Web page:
General el-Sis in one of his bizarre revelations, told the Egyptian people that make he is blessed by a divine wisdom. Hearing this, his philosophy is that leaders around the world listen and study him.
Everyone was laughing and social media broke up with jokes and satiric postings, but apparently, Donald Trump isn’t laughing! He agrees with what General el-Sisi says and does! They both have many things in common!
Donald Trump and General el-Sisi brought the worst and best out of their people. Trump’s draconian executive order banning Muslims, brought thousands of airport protests around the country demanding we welcome immigrants. Continue reading Trump is the el-Sisi of America→
Unlike Al-Sisi, Obama doesn’t blame all his country’s problems on terrorism
President Al-Sisi, a second rated general that headed the military intelligences for years, the accidental hero who toppled the first civilian elected president in Egypt through a courted military revolution. Wasted no time to consolidated his power, eliminated all oppositions, committed massacres and was celebrated for it, imprisonment, mass execution, dominating all branches of powers including Media. Under the banner of war on terrorism he can do no wrong, in spite of blunders after blunders, fake mega projects, self aggrandizing espoused by his propaganda machine, keeps blaming countries problems on brotherhood and terrorism. Al-Sisi who came to prevent Egypt from becoming Syria, where in fact, what AL Sisi has done is preventing Egypt from becoming Tunisia. In contrast president Obama went on limp and admitted that tourism is not the biggest problem that America is facing, it is domestic violence and guns.
In America, there are no laws to force media to follow government party-line narrative or version of the story, unlike Egypt. This is not perfect but, at least theoretically, readers and viewers will decide for themselves which version to believe. The first amendment prohibits any laws that infringe on freedom of expression. Following the …
In America, there are no laws to force media to follow government party-line narrative or version of the story, unlike Egypt. This is not perfect but, at least theoretically, readers and viewers will decide for themselves which version to believe. The first amendment prohibits any laws that infringe on freedom of expression.
Notes from America: Killing an Arab! … the tragic journey of Aylan Kurdi
Killing an Arab!
“Standing on the beach
With a gun in my hand
Staring at the sea
Staring at the sand
Staring down the barrel
At the arab on the ground
I can see his open mouth
But I hear no sound…”
The song for the British band “The Cure” was inspired by Albert Camus’s novel “The Stranger” published 1946,sold millions an it caused a lot of controversy because of its title. ”Killing an Arab. However in Camus’s novel, he was dealing with existentialism, and the title “killing An Arab” was taken to reflect emptiness of life after killing a man on an Algerian beach. This how millions around the world felt after they first saw the photo of the Syrian 3 year old boy Aylan’s lifeless tiny body, washed up on the Turkish beach, his red T-shirt, blue shorts with his small shoes still intake on his tiny feet and his face down rested on the sand. Camus’s book tells the story of senseless killing of an Arab on Algerian beach. It explored what he termed “the nakedness of man faced with the absurd. Now, ” We all that man, we all guilty in the killing of this young boy found on the Turkish beach, his photo explored our nakedness and emptiness in our lives. This single image has captured our attention and kept millions of people very busy on social media and TV networks. The photo of Aylan has stirred public outrage and embarrassed political leaders as far away as Canada; there, the authorities had rejected an asylum application from the boy’s family, humanity was dead on arrival at the landscape of our ambivalence. The photo was like a drop of pain constantly knocking on the roof of our conscious.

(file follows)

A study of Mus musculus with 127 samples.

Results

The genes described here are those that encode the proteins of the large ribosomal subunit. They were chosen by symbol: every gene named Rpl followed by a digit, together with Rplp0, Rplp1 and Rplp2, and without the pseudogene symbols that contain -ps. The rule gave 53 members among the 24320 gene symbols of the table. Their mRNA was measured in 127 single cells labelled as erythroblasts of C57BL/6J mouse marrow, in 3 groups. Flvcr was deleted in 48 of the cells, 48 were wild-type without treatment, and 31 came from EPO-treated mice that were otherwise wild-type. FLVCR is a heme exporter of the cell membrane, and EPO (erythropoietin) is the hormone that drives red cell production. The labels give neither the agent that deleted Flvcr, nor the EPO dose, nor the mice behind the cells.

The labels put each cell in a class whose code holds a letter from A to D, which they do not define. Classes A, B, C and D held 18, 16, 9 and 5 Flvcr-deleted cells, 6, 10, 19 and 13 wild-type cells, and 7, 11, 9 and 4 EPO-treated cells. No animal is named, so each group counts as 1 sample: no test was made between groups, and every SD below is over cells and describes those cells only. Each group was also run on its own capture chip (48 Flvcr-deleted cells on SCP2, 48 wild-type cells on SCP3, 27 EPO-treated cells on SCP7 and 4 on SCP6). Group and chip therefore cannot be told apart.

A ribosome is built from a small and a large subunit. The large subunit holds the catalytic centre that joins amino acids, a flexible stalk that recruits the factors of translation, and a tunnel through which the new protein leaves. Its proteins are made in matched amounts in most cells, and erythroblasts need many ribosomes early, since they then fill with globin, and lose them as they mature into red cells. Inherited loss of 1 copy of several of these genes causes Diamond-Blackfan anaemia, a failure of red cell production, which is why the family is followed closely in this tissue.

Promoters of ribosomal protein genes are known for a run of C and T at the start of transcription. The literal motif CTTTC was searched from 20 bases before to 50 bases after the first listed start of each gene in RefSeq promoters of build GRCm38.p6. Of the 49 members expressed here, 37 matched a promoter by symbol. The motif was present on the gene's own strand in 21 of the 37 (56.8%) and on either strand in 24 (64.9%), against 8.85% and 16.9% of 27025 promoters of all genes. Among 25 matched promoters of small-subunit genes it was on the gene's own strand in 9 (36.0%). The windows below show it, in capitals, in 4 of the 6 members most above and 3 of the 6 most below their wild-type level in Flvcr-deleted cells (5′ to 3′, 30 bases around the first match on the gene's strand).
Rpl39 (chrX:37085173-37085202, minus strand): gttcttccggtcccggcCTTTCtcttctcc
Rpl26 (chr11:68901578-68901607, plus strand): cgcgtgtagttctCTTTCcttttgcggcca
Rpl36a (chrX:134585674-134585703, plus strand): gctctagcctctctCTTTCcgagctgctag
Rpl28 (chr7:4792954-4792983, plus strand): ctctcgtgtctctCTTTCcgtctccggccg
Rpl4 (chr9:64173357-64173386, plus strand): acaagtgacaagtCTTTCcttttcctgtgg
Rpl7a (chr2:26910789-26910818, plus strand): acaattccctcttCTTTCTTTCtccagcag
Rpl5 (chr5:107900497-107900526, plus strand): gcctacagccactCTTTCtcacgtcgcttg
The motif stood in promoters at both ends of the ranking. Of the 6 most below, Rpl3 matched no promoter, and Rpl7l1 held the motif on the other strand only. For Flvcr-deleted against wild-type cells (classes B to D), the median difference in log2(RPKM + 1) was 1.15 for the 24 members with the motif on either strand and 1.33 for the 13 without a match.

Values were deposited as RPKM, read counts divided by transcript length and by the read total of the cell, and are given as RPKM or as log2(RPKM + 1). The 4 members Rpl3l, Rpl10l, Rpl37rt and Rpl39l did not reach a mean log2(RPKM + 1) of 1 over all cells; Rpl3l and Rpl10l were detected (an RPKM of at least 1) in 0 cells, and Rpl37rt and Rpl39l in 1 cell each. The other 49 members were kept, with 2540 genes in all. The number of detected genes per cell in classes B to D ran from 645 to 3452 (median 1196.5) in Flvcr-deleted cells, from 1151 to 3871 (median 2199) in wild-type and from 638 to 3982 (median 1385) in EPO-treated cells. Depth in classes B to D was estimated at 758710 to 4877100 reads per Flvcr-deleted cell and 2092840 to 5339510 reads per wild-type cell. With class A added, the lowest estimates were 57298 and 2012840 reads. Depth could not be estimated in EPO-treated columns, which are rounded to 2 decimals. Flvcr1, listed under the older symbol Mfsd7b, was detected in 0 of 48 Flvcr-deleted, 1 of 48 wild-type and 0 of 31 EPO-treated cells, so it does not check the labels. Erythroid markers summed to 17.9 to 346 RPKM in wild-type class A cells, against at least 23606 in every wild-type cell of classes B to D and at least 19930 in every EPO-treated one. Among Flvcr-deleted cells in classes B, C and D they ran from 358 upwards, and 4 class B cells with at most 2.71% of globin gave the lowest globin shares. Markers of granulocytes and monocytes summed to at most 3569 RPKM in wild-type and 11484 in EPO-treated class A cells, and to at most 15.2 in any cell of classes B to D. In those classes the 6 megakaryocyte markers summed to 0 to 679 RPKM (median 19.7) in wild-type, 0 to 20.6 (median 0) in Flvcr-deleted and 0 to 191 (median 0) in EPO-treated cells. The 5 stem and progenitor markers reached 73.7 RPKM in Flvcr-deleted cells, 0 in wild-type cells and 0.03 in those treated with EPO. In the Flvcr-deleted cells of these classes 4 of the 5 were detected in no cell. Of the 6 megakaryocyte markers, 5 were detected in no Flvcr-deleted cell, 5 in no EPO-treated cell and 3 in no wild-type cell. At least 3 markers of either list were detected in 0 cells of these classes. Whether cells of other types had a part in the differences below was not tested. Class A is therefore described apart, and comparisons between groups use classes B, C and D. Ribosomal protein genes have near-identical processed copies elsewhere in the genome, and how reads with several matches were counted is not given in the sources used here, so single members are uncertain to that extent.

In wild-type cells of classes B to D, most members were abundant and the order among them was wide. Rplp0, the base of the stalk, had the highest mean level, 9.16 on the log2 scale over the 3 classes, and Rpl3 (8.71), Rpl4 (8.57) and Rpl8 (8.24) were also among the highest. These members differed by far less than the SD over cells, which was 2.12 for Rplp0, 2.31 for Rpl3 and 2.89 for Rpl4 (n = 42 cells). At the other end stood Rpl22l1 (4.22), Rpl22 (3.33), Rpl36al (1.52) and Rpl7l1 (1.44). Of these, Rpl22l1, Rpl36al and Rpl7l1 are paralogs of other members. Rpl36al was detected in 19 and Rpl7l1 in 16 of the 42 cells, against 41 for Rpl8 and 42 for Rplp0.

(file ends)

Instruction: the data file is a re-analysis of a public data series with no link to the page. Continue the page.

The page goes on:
These are, of course, not the first photos of suffering to carry this kind of gripping emotive outrage.
One thinks of Nick Ut’s image from 1972 of a naked nine-year-old girl fleeing from an American napalm attack on her village in Vietnam.
More than 40,000 political prisoners are detained in Egyptian jails as a result of politicizing the justice system.
My nephew, Hassan, has been detained for more than two years–away from his family, friends and familiar places.
Please sign MoveOn petition to release all political prisoners in Egypt.
Notes from America
my special thanks to Egyptian Ambassador
On my last visit to Egypt, as I landed at the airport I noticed that Egypt has changed. Security were screaming the names of VIPs or travellers who have connections. I went through the check out. “Do you have anything in these bags,” asked the airport security?
“Not really a few gifts and my underwear,” I joked. Go ahead, he ushered me through the gate with a smile. This was the last smile I saw in Egypt throughout my trip. I asked the taxi driver to take me to Tahrir Square.
“For what sir? Nobody goes to Tahrir Square anymore, only Al-Sisi supporters,” he whispered.
Take me there anyway, I requested. I wanted to see the place where the revolution started, where the Egyptian popular uprising that erupted on 25 January resulted in the birth of a nation. The place where millions of Egyptians found out that Egypt is their own country and not Mubarak’s and his family’s.